Objective: To describe the 2-year neurodevelopmental outcome in children with cerebral palsy associated with congenital Zika (CZ) and explore variables associated with a more severe presentation.
Methods: Data on 69 children with cerebral palsy associated with CZ, followed in a neurorehabilitation hospital, who consecutively attended the neurodevelopmental assessment at 2 years of age, were collected. Bayley III Scales of Infant and Toddler Development, Hammersmith Infant Neurological Examination, and Gross Motor Function Classification System were used for the outcome evaluation. Descriptive and inferential statistical analysis were performed.
Results: The median age at follow-up was of 24.0 (23-32) months. Only 3 (4.3%) children were not microcephalic. The majority presented with bilateral (94.2%), spastic (100.0%), Gross Motor Function Classification System grade IV or V (92.8%) cerebral palsy, epilepsy (73.1%), extremely low performances on cognitive (94.2%), language (95.7%), and motor (95.7%) Bayley-III Scales of Infant and Toddler Development Test scores. The median Hammersmith Infant Neurological Examination score was of 21.0 (range 9-75). There was a correlation between birth head circumference with the cognitive (r = 0.3, P < .01), language (r = 0.3, P < .01), and motor (r = 0.3, P < .01) Bayley-III Scales of Infant and Toddler Development Test scores, as well as with the Hammersmith Infant Neurological Examination score (r = 0.2, P < .03). An association was observed between an inferior median Hammersmith Infant Neurological Examination score with congenital microcephaly (P = .04), arthrogryposis (P = .02), and epilepsy in the first year (P < .01).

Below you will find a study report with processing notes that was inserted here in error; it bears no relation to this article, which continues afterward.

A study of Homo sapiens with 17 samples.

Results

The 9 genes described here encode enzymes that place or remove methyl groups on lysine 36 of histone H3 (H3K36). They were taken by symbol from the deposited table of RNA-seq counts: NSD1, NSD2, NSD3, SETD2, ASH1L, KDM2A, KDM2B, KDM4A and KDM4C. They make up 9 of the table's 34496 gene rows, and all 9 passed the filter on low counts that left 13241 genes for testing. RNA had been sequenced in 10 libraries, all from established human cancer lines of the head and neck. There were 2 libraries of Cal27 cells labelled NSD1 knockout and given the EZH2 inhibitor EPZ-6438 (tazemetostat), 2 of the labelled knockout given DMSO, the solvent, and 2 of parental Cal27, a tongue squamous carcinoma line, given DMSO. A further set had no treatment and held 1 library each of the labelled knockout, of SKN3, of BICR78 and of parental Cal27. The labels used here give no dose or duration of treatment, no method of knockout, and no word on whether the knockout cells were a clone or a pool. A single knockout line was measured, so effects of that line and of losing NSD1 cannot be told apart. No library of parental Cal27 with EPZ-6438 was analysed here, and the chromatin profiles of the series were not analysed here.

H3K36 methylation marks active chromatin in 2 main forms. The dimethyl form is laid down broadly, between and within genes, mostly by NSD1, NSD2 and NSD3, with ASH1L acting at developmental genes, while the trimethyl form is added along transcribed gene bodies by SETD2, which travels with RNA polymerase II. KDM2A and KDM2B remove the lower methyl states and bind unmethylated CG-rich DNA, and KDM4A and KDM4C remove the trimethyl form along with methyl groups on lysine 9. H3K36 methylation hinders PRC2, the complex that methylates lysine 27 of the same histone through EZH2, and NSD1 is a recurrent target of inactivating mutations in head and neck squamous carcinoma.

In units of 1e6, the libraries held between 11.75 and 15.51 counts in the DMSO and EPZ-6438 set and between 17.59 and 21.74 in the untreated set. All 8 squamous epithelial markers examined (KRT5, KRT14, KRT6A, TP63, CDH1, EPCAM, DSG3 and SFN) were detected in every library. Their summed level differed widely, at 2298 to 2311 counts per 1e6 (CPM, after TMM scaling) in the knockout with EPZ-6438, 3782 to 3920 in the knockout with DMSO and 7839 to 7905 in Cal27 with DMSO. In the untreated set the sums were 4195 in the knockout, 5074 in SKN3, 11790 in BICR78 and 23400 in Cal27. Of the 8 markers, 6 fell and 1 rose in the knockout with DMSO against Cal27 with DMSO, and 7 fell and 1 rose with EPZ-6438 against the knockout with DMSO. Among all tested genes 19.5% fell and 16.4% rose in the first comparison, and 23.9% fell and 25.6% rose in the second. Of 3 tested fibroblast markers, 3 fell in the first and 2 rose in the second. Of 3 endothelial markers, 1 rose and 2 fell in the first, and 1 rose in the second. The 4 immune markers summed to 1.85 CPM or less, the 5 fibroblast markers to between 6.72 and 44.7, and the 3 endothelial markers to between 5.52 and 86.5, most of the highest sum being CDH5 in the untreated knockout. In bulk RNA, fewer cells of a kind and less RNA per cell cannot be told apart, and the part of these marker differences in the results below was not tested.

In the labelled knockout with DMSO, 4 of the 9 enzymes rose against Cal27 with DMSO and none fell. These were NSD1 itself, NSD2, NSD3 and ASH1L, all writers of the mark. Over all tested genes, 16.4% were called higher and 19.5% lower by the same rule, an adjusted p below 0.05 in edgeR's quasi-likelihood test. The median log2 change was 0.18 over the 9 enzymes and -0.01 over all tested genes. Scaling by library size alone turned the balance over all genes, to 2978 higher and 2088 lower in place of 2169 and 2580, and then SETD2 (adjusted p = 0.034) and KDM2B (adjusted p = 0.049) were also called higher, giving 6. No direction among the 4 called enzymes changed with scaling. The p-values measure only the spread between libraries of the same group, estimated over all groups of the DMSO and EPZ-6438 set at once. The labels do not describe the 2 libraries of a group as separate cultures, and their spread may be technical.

Conclusion: Cerebral palsy related to CZ presents with a severe global impairment at a 2-year follow-up. Birth head circumference, arthrogryposis, and early epilepsy are associated with a worse outcome and may be considered as prognostic markers. These findings are important for the neurorehabilitation planning, parents' guiding, and future prognostic studies.
Keywords: Zika virus; cerebral palsy; congenital Zika; neurodevelopment.